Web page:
Disguising Insider Trading With Phrases Like “Fat Man Has A Friend” And “The Fat Man Walks Alone” Not As Airtight A Plan As Once Thought


  • The phrase "I have some vacation pictures for you" was a cover for payments made to tippers
  • Deals were referred to in code as the "Fat Man," while updates on the statuses of deals were communicated with lines like "fat man has a friend" and "fat man walks alone"
  • One of the men assured everyone that even if the Securities and Exchange Commission did catch on, they wouldn't have the resources to do anything about it. (To wit: "The SEC’s got to pick their battle because they have a limited number of people and huge numbers of investors to go after."

And yet!

A former senior editor at TheStreet Inc has agreed to pay $10,225 to resolve claims he participated in an insider trading ring involving a group of high school friends, the U.S. Securities and Exchange Commission said Tuesday. The SEC's case against Michael Baron, 43, followed a related criminal prosecution of six other men involved in an insider trading scheme focused on pharmaceutical and medical technology stocks. Baron was never criminally charged. But in a civil lawsuit filed in New Jersey on Tuesday, the SEC said Baron provided a relative illegal tips about Celgene Corp's 2007 acquisition of Pharmion Corp and Stryker Corp's tender offer for Orthovita Inc in 2011. The unnamed relative traded on the information and made more than $6,500 in ill-gotten gains, the SEC said. The SEC said the tip about the Celgene-Pharmion deal came from John Lazorchak, at the time an employee in Celgene's financial reporting department and a high school friend of Baron's. The tip about Stryker's offer, meanwhile, came from Mark Foldy, an employee in its marketing department who likewise attended high school with Baron, the SEC said.

Lazorchak was sentenced in April to 1-1/3 years in prison after pleading guilty to conspiracy and securities fraud charges. Foldy that same month was sentenced to two years supervised release, with six months of home confinement, after pleading guilty to conspiracy and securities fraud charges. Four other men also pleaded guilty in the criminal case, and the SEC charged an eighth man civilly as well. Among those to plead guilty were Lawrence Grum and Michael Castelli, the two main traders in the case. Grum was sentenced in April to one year and one day in prison, while Castelli, a high school classmate, received nine months.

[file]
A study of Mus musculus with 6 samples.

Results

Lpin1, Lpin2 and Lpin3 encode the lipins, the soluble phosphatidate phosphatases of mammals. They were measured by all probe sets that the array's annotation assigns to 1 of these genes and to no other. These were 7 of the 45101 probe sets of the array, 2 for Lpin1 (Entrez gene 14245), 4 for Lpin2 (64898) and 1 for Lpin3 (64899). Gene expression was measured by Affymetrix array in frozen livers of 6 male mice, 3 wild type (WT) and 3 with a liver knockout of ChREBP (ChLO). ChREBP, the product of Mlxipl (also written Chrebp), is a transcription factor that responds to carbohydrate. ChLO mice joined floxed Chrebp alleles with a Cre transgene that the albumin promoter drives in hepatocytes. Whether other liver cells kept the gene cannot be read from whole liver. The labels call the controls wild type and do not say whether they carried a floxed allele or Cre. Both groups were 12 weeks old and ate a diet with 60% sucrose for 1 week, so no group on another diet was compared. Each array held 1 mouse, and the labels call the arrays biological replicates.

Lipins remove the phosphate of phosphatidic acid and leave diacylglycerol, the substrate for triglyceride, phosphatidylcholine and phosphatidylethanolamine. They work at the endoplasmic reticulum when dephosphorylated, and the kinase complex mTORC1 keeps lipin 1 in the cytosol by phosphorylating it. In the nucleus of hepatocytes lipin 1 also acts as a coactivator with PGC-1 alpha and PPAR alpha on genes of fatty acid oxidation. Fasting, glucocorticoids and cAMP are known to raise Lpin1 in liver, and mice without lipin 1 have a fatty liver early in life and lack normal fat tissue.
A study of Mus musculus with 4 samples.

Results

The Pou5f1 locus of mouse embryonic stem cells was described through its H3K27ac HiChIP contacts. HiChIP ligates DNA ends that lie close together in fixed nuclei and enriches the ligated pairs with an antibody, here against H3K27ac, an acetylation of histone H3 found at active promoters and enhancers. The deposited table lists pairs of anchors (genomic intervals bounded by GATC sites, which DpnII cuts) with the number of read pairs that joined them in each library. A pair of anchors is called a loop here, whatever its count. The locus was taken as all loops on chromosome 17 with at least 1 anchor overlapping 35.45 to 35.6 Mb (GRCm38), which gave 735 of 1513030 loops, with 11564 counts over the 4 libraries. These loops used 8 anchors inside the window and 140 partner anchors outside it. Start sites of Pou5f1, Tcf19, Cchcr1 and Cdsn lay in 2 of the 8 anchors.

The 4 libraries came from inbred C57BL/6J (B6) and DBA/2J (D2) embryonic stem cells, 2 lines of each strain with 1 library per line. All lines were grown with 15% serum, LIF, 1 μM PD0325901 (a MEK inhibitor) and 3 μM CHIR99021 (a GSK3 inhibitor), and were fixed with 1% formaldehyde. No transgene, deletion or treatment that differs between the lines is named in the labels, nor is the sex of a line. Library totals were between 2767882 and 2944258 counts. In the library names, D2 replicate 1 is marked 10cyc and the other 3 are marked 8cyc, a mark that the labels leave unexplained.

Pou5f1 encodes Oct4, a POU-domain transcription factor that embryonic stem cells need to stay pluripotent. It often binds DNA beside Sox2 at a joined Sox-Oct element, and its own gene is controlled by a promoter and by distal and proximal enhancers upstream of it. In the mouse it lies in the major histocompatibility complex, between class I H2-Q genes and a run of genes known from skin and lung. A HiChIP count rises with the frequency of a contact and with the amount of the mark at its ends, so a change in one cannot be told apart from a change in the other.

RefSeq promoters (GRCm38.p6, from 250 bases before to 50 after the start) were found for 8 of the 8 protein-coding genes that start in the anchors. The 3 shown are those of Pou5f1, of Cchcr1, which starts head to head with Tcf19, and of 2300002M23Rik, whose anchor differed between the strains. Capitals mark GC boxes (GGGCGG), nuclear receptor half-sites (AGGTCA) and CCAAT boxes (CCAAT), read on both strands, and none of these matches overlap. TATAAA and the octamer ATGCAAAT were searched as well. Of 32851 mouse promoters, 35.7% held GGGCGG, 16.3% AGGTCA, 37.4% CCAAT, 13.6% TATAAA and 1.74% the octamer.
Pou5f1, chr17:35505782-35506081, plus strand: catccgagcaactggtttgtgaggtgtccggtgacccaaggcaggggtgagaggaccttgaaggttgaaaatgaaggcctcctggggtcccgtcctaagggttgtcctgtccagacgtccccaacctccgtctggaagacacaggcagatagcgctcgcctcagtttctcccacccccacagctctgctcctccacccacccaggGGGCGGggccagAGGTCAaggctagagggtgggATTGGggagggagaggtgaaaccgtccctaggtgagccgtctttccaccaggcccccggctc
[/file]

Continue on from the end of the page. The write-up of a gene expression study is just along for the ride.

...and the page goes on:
Former TheStreet editor settles SEC insider trading case [Reuters via Lauren LaCapra]
Earlier: Connection To A Company Called “Yeah Baby” Not Even The Best Part Of “High School Buddies” Insider Trading Scam


Over the past several years, much has been made about the supposed incompetence of the Securities and Exchange Commission. The regulator failed to realize Bernie Madoff had been running an illegitimate Ponzi scheme, despite more or less being told by Bernie Madoff himself, "I am running an illegitimate Ponzi scheme." It went after David Einhorn, when it should have been going after Allied Capital, the company the hedge fund manager told them was committing fraud. Its proposal for stepping up investigators' games was to start a Fraud College.* Until recently, it employed individuals in the office responsible for "ensuring exchanges follow guidelines concerning...computer audits, security, and capacity" who had "little or no experience with exchange technical matters." At this point, there have been so many stories about the SEC getting things wrong that the default is to assume it fucked up, even when that is not actually the case. What's more, even when Team Schapiro is on top of its game, resources are so strained that many scams that should be caught fall through the cracks. So you can maybe understand why a group of "high school buddies," along with a few other guys they picked up along the way, who were engaging in securities fraud, weren't too worried about getting caught.